In an Onion-esque story almosty too unbelievable to be real, IB Times reports, in a memo obtained by Capital New York, Cuomo officials announced that mass purging of email records is beginning across several state government agencies. The timing of the announcement, which followed through on a 2013 proposal, is worth noting: The large-scale destruction of state documents will be happening in the middle of a sprawling federal investigation of public corruption in Albany.
Many probably felt relief in thinking that such records are now often digitized and therefore not at risk of being accidentally incinerated. Yet as Gov. Andrew Cuomo’s administration is showing this week, many records are vulnerable to another form of destruction: deliberate deletion.
The Cuomo administration has now fully implemented a policy of automatically deleting emails of rank-and-file state workers that are more than three months old, resulting in an effective purge of thousands of messages in recent days.
According to memos obtained by Capital, mass deletions began Monday at several state agencies after officials finished consolidating 27 separate email platforms to a single, cloud-based system called Office 365. It lets I.T. administrators purge any older messages, and can be set up to do so each day.
But more than a dozen advocacy organizations—including the Electronic Frontier Foundation, New York Civil Liberties Union and Sunlight Foundation, as well as New York-based good government groups—sent a letter to the governor late last month, arguing his policy was technologically unnecessary and out of step with the federal government, which saves emails from rank-and-file employees for seven years.
“In this era, government runs on email, and access to email and electronic records has become a cornerstone of public transparency. Our groups are very concerned that the administration’s June 2013 policy of using centralized software to automatically delete state employee emails after 90 days is resulting in the destruction of emails that are considered public records under New York’s Freedom of Information Law,” wrote the groups, which were organized by Reinvent Albany. “This policy was adopted without public notice or comment. Furthermore, we are extremely concerned that the inevitable destruction of email records under your 90-day automatic deletion policy directly undermines other public accountability laws like the False Claims Act.”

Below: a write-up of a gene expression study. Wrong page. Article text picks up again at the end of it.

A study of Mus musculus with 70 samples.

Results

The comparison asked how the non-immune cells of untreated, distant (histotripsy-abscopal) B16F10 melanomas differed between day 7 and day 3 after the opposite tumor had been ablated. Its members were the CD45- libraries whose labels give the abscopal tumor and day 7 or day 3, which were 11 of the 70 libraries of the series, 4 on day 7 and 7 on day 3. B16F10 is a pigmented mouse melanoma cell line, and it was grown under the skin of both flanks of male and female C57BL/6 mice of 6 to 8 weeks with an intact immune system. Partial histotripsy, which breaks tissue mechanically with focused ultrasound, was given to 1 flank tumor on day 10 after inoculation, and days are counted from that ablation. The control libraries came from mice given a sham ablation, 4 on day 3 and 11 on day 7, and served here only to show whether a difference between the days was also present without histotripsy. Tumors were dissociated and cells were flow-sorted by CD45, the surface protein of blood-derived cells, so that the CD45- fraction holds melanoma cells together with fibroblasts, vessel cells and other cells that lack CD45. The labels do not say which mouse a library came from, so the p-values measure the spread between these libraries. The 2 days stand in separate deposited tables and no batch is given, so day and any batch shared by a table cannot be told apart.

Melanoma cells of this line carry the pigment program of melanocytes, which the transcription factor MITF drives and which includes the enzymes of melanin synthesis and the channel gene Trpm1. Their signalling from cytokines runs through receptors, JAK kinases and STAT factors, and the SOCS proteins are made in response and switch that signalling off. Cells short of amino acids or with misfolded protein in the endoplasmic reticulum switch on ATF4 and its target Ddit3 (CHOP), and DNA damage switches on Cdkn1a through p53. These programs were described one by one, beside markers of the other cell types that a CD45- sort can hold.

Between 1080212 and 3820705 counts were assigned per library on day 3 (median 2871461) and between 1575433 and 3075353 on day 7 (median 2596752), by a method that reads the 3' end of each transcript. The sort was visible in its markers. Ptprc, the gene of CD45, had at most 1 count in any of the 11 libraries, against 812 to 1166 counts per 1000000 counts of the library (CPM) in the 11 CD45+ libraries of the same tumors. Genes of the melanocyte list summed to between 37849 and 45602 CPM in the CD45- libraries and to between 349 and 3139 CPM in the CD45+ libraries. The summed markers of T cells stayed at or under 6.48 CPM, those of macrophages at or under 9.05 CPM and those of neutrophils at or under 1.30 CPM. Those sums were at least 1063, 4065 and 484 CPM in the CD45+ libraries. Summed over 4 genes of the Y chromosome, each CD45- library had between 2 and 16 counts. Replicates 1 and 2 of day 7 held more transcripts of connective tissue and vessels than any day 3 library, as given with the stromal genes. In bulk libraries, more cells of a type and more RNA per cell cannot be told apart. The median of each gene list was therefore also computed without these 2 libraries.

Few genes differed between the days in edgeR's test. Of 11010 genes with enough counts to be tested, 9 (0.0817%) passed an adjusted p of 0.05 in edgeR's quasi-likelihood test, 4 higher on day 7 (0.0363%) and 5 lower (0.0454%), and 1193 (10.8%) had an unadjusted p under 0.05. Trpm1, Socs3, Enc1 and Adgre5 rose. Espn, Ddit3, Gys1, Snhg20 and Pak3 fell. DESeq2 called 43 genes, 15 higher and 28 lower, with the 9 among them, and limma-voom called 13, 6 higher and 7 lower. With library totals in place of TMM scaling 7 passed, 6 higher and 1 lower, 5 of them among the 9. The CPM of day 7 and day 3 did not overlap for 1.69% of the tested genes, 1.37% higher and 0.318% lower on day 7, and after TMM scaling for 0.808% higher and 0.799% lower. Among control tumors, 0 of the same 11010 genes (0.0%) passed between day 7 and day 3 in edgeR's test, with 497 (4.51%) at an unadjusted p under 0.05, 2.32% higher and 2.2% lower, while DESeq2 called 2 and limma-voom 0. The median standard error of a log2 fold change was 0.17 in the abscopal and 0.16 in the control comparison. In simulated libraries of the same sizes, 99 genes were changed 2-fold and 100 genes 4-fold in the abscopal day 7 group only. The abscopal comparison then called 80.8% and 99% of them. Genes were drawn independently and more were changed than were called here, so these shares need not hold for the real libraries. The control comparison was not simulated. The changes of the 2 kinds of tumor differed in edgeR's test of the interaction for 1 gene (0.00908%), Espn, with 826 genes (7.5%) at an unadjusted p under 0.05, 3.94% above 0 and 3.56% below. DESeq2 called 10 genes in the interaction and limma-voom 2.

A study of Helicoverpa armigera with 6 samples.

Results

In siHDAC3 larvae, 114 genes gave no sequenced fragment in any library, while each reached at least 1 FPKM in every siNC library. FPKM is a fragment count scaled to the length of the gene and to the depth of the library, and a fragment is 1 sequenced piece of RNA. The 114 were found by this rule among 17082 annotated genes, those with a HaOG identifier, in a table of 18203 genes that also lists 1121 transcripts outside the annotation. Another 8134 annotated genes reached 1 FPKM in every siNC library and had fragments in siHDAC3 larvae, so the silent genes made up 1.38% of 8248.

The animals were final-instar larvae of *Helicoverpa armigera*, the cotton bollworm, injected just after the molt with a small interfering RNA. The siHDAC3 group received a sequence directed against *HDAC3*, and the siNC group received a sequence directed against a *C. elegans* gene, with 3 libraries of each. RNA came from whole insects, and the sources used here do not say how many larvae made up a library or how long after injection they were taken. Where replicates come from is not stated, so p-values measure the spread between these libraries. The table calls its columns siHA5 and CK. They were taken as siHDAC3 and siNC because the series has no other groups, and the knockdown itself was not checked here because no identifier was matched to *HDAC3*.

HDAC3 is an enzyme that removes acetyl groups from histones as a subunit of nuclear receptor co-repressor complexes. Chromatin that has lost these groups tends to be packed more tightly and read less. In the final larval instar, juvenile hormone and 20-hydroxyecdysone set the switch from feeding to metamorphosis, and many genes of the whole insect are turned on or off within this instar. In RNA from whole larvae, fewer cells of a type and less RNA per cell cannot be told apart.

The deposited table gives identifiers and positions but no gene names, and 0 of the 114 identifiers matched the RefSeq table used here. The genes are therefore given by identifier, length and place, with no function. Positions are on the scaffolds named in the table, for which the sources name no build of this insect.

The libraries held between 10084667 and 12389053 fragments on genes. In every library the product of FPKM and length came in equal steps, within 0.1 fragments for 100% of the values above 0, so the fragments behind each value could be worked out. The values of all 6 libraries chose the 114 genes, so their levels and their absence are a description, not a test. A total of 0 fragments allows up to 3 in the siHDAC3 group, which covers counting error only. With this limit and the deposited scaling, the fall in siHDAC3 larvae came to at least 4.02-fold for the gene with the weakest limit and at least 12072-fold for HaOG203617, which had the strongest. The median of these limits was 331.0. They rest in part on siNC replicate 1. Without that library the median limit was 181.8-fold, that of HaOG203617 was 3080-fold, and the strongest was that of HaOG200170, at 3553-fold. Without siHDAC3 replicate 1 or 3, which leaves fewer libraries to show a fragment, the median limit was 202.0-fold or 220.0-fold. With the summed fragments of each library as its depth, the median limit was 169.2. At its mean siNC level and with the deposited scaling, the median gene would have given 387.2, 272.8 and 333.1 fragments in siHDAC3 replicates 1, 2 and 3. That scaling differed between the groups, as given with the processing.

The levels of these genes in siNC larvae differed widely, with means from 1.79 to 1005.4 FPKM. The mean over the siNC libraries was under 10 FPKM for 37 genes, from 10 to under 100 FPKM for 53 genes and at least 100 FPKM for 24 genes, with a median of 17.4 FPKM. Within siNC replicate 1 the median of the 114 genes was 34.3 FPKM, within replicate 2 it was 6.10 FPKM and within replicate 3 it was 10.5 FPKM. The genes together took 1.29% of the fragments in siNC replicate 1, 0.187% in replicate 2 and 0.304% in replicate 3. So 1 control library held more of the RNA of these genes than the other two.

International Business Times confirmed that in 2007, he put in place a mass deletion policy for emails in the New York Attorney General’s office that were more than 90 days old, making it difficult for the public to know how -- or whether -- his office investigated bank fraud in the lead-up to the financial crisis of 2008. In the Cuomo administration’s announcement this week, the governor's chief information officer, Maggie Miller, justified the new email purge as a cost-saving measure aimed at “making government work better.”
Melanie Sloan, a former Clinton Justice Department official, said the timing of the move raises significant legal questions.
“This is potentially obstruction of justice,” she told IBTimes. “The only reason that the government destroys records is so no one can question what it is doing, and no one can unearth information about improper conduct. There’s no reason for New York not to preserve this information.”